The Chinese loan has increased by $800 million within a span of one year, reaching a total of $4.73 billion.

Busy Bee
Busy Bee October 31, 2023
Updated 2023/10/31 at 11:13 AM

The amount of Nigeria’s debt to China increased by $800 million in one year, from $3.93 billion in June 30, 2022, to $4.73 billion in June 30, 2023. This represents a 20.36% increase from the second quarter of 2022 to Q2 2023, as stated by the Debt Management Office.

While the Federal Government has been secretive about the terms of the China loans, the DMO has previously disclosed that these loans are concessional, with an interest rate of 2.5% per annum, a tenor of 20 years, and a grace period of seven years.

The DMO states that the terms of the loans adhere to the requirements of Section 41 (1a) of the Fiscal Responsibility Act, 2007.

Furthermore, the government benefits from the low interest rate as it decreases the cost of borrowing, and the extended loan period allows for the repayment of the principal amount over a longer period of time.

According to a report titled ‘Status of Chinese loans as of September 30, 2021,’ the DMO has revealed that China-funded loans have been allocated to 15 different projects. These projects encompass various sectors such as water supply, power generation, railways, airport terminals, communication, and agricultural processing.

The initial loan project involved the Nigerian Communications Satellite project, which had an agreed amount of $200m on January 12, 2006. This loan had a duration of five years and reached maturity on June 29, 2018. Nigeria successfully repaid the loan, which carried an annual interest rate of three percent, resulting in an interest payment of $40.02m.

The second loan was obtained for the Nigerian national public security communication system project. This loan amounted to $399.50m and was agreed upon on December 20, 2010, and subsequently disbursed.

Similarly, the third loan was secured for the Nigerian railway modernisation project, specifically for the Wu-Kaduna section. It amounted to $500m and was agreed upon on December 20, 2010, and disbursed accordingly.

The fourth loan was obtained for the Abuja light rail project, with an agreed amount of $500m on November 7, 2012. The funds were subsequently disbursed.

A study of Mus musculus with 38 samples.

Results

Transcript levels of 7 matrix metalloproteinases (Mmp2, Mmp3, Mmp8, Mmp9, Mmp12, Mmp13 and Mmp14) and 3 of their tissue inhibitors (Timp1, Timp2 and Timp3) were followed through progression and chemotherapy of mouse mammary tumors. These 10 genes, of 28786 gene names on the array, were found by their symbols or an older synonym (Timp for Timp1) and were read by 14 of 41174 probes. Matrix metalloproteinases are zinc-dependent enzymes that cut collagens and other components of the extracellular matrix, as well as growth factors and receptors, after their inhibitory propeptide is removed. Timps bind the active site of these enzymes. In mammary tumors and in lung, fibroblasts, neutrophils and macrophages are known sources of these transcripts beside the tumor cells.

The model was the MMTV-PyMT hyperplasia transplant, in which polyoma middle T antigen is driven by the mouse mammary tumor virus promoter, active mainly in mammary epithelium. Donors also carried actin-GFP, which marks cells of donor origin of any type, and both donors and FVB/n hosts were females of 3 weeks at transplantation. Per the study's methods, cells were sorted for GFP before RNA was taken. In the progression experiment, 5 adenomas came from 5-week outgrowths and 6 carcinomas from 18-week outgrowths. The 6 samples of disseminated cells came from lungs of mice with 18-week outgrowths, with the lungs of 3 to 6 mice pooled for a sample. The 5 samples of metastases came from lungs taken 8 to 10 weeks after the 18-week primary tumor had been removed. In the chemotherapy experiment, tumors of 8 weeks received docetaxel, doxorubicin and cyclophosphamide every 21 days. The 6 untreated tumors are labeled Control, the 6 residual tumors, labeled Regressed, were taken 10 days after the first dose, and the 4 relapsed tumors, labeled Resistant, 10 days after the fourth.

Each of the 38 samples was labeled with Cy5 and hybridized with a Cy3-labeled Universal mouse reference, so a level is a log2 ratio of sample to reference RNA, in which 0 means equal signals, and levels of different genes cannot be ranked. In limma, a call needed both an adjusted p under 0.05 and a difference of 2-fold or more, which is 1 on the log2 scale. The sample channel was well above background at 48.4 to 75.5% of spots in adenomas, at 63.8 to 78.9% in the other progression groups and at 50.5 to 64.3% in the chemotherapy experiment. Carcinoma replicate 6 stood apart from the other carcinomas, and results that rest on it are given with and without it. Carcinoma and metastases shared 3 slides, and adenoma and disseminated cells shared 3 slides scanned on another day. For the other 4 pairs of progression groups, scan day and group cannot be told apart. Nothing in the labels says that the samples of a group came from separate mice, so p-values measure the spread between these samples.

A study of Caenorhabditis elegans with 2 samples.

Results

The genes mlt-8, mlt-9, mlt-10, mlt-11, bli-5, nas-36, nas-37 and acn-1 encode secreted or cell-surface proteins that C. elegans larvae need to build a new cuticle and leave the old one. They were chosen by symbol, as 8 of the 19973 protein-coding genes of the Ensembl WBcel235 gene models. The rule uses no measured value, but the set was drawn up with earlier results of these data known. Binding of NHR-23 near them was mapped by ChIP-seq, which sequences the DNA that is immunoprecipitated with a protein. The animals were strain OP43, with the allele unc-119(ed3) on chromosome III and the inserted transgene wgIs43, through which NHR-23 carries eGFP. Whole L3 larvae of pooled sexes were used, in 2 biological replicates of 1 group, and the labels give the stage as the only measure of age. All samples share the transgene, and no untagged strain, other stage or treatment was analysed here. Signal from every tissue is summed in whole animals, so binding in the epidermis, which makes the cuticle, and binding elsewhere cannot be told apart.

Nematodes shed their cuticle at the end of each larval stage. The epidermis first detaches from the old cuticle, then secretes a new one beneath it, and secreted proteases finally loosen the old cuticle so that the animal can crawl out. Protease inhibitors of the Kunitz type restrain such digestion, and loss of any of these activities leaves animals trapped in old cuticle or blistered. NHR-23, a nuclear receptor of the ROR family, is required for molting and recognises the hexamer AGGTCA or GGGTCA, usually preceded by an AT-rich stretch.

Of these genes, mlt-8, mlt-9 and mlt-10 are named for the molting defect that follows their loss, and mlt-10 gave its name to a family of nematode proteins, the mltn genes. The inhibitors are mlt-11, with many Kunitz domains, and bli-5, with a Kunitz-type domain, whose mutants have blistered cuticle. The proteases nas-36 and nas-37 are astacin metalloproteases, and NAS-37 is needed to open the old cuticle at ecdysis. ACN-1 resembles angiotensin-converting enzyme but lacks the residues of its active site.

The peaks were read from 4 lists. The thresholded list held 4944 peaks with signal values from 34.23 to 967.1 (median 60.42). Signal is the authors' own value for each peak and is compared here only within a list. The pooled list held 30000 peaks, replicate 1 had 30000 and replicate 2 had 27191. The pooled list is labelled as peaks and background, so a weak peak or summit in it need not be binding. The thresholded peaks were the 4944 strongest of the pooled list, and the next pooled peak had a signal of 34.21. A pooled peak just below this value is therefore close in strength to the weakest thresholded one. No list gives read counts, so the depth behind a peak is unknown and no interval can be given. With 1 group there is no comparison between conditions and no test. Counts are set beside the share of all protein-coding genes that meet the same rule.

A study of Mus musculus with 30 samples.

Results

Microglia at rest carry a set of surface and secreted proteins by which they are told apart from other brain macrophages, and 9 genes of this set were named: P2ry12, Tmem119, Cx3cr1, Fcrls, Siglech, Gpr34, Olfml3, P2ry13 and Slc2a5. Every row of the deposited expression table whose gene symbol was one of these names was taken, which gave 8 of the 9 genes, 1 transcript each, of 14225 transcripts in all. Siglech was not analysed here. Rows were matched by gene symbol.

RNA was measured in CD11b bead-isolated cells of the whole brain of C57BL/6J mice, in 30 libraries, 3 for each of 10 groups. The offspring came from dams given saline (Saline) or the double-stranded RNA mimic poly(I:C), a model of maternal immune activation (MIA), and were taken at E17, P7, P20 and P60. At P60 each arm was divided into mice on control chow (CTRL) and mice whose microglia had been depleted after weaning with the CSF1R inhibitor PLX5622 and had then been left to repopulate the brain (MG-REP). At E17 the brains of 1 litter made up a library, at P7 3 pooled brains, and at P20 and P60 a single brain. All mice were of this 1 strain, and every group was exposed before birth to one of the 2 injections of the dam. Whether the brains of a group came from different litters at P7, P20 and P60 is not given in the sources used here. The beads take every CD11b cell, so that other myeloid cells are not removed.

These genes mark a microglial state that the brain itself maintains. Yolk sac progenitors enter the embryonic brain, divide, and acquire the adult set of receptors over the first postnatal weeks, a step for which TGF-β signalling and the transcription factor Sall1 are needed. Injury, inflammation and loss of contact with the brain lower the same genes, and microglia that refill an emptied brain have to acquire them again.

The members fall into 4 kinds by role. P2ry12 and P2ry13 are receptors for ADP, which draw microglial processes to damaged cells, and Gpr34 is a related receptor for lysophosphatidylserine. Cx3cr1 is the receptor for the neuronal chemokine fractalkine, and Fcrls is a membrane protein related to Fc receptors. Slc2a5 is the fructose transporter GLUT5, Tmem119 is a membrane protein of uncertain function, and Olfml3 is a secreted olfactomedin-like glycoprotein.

Lastly, the fifth loan was aimed at the development of the Nigerian Information and Communication Technology (ICT) infrastructure backbone project. This loan was agreed upon on January 5, 2013, and amounted to $100m. The funds were disbursed as well.

The sixth loan, agreed upon on July 10, 2013, was meant to fund the expansion projects of four airport terminals in Abuja, Kano, Lagos, and Port Harcourt. The agreed amount was $500m, but only $455.28m, which is 91.06% of the agreed amount, was disbursed.

The seventh loan, agreed upon on September 28, 2013, was designated for the Nigerian Zungeru hydroelectric power project. The agreed amount was $984.32m, but only $518.24m, which is 52.65% of the agreed amount, was disbursed.

The eighth loan, agreed upon on April 26, 2016, was intended for the Nigerian 40-parboiled rice processing plants project led by the Federal Ministry of Agriculture and Rural Development. However, no funds were disbursed for this project.

The ninth loan, agreed upon on August 18, 2017, for the Nigerian railway modernisation project (Lagos – Ibadan section), was worth $1.27bn. However, only $759.84m, which is 17.50 per cent of the agreed amount, was actually disbursed.

Similarly, the tenth loan, agreed upon on August 18, 2017, was intended for the rehabilitation and upgrading of the Abuja-Keffi-Markurdi road project. This loan amounted to $460.82m, but only $80.64m, which is 59.96 per cent of the agreed amount, was disbursed.

The eleventh loan, agreed upon on May 29, 2018, was meant for the Nigeria supply of rolling stocks and depot equipment for the Abuja light rail project. The loan was worth $157m, but no funds were disbursed.

Lastly, the twelfth loan, agreed upon on May 29, 2018, was intended for the Nigeria Greater Abuja water supply project. This loan had a value of $381.09m, but no funds were disbursed.

The 13th loan, which was for the Nigerian Four Airport Terminal Expansion Ancillary Project, amounted to $183.62m and was agreed upon on December 27, 2019. However, no funds were released for this loan.

Similarly, the 14th loan, intended for the Nigerian Four Airport Terminal Expansion Incremental Project, was agreed upon on December 27, 2019, with a total amount of $208.90m. Nevertheless, no disbursements were made for this loan.

As for the 15th loan, it was designated for the Nigerian ICT Infrastructure Backbone Phase II Project and had a value of ¥2.3bn. The agreement for this loan was made on September 5, 2018. Regrettably, only ¥480.40m was actually disbursed for this loan.

The Chinese Renminbi Yuan was used for only the 15th loan project. The document revealed that interest rates range from 2.5 per cent to three per cent, contradicting the DMO’s June 2020 statement that claimed a fixed rate of 2.5 per cent. During the time assessed, Nigeria made repayments of $263.14m towards the Chinese loans.

However, data from the external debt service reports showed that Nigeria is likely not required to make any payments in Q2 as no debt service payment was recorded for Chinese loans in Q2 of 2022 and 2023.

With growing concerns that Nigeria may forfeit assets in the event of a loan default, the Director-General, DMO, Patience Oniha, in 2021, assured Nigerians that the loans were largely concessional, as no national asset was tagged as collateral.